Increased death rate:Privatisation and Rapid Reform Responsible
The research is valid or not ,very tough to say....but timing is perfect for publication of such research.When world is facing tough times handling the finance, and whole system of open policy is under attack , this kind of research will certainly attract attention.
The rapid mass privatisation which followed the break up of the Soviet Union fuelled an increase in death rates among men, research suggests.
The UK study blames rapidly rising unemployment resulting from the break-neck speed of reform.
The researchers said their findings should act as a warning to other nations that are beginning to embrace widespread market reform.
The study features online in The Lancet medical journal.
The researchers examined death rates among men of working age in the post-communist countries of eastern Europe and the former Soviet Union between 1989 and 2002.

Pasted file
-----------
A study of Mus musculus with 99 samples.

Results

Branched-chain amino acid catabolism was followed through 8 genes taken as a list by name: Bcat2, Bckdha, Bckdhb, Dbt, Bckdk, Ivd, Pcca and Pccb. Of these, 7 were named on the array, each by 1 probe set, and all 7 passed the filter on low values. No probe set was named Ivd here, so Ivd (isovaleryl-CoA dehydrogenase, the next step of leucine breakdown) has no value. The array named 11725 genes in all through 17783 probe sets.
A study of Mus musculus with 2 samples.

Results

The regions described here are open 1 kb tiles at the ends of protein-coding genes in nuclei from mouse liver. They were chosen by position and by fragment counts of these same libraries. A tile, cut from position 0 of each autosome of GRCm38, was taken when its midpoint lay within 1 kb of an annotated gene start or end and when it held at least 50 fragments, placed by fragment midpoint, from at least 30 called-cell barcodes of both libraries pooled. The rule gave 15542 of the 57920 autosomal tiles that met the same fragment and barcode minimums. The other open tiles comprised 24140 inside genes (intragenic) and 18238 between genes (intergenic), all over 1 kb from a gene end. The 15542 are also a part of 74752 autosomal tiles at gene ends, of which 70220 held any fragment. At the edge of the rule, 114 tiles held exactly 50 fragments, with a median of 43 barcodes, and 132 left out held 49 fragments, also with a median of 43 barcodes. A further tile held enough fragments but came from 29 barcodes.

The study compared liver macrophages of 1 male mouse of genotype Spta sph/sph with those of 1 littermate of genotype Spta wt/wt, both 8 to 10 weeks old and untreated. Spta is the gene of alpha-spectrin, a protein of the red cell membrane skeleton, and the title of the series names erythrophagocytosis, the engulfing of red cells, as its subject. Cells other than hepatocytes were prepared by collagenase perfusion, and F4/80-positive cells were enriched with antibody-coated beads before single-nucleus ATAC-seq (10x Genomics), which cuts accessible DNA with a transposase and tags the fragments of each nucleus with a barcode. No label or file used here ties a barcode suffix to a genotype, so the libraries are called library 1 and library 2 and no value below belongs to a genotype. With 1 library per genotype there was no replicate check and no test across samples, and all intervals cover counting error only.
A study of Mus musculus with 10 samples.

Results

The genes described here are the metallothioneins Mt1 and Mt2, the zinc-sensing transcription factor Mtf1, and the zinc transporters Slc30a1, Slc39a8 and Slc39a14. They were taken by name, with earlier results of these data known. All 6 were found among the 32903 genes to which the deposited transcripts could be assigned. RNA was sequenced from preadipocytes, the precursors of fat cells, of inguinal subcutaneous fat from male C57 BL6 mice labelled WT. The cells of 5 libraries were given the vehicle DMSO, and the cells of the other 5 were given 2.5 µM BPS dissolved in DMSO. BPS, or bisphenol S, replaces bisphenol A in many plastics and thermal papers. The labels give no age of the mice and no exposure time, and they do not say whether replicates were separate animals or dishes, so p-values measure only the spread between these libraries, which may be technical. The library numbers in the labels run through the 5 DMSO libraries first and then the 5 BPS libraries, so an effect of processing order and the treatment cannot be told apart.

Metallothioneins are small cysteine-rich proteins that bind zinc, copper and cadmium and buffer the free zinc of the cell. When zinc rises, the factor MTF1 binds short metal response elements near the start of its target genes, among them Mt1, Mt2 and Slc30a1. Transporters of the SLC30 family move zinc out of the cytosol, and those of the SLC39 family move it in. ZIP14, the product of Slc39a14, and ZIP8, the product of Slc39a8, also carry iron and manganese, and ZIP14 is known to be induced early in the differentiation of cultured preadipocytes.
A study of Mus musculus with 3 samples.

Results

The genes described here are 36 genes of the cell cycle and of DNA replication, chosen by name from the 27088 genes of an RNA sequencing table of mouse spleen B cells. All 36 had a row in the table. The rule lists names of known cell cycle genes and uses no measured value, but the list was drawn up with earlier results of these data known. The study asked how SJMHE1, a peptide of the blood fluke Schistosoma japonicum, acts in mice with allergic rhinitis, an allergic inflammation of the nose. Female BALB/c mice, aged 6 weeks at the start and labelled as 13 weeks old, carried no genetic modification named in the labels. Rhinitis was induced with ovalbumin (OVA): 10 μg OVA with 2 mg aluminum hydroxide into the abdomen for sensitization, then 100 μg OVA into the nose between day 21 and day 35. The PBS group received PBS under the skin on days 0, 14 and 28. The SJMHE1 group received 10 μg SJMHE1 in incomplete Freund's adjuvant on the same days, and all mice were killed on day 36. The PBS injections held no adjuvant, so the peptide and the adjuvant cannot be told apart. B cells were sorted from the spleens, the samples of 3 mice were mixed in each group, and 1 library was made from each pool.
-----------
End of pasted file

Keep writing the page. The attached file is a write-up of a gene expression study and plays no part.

They conclude that as many as one million working-age men died due to the economic shock of mass privatisation policies.
Following the break up of the old Soviet regime in the early 1990s at least a quarter of large state-owned enterprises were transferred to the private sector in just two years.
This programme of mass privatisation was associated with a 12.8% increase in deaths.
The latest analysis links this surge in deaths to a 56% increase in unemployment over the same period.
However, it found some countries with good social support networks withstood the turmoil better than others.
Where 45% or more of the population were members of at least one social organisation, such as a church group or labour union, mass privatisation did not increase mortality.
But Russia, Kazakhstan, Latvia, Lithuania and Estonia were worst affected, with a tripling of unemployment and a 42% increase in male death rates between 1991 and 1994.
Countries that adopted a slower pace of change, gradually phasing in free-market conditions and developing appropriate institutions, fared much better.
The best were Albania, Croatia, Czech Republic, Poland and Slovenia, which experienced only a 2% increase in unemployment - and a 10% fall in male mortality.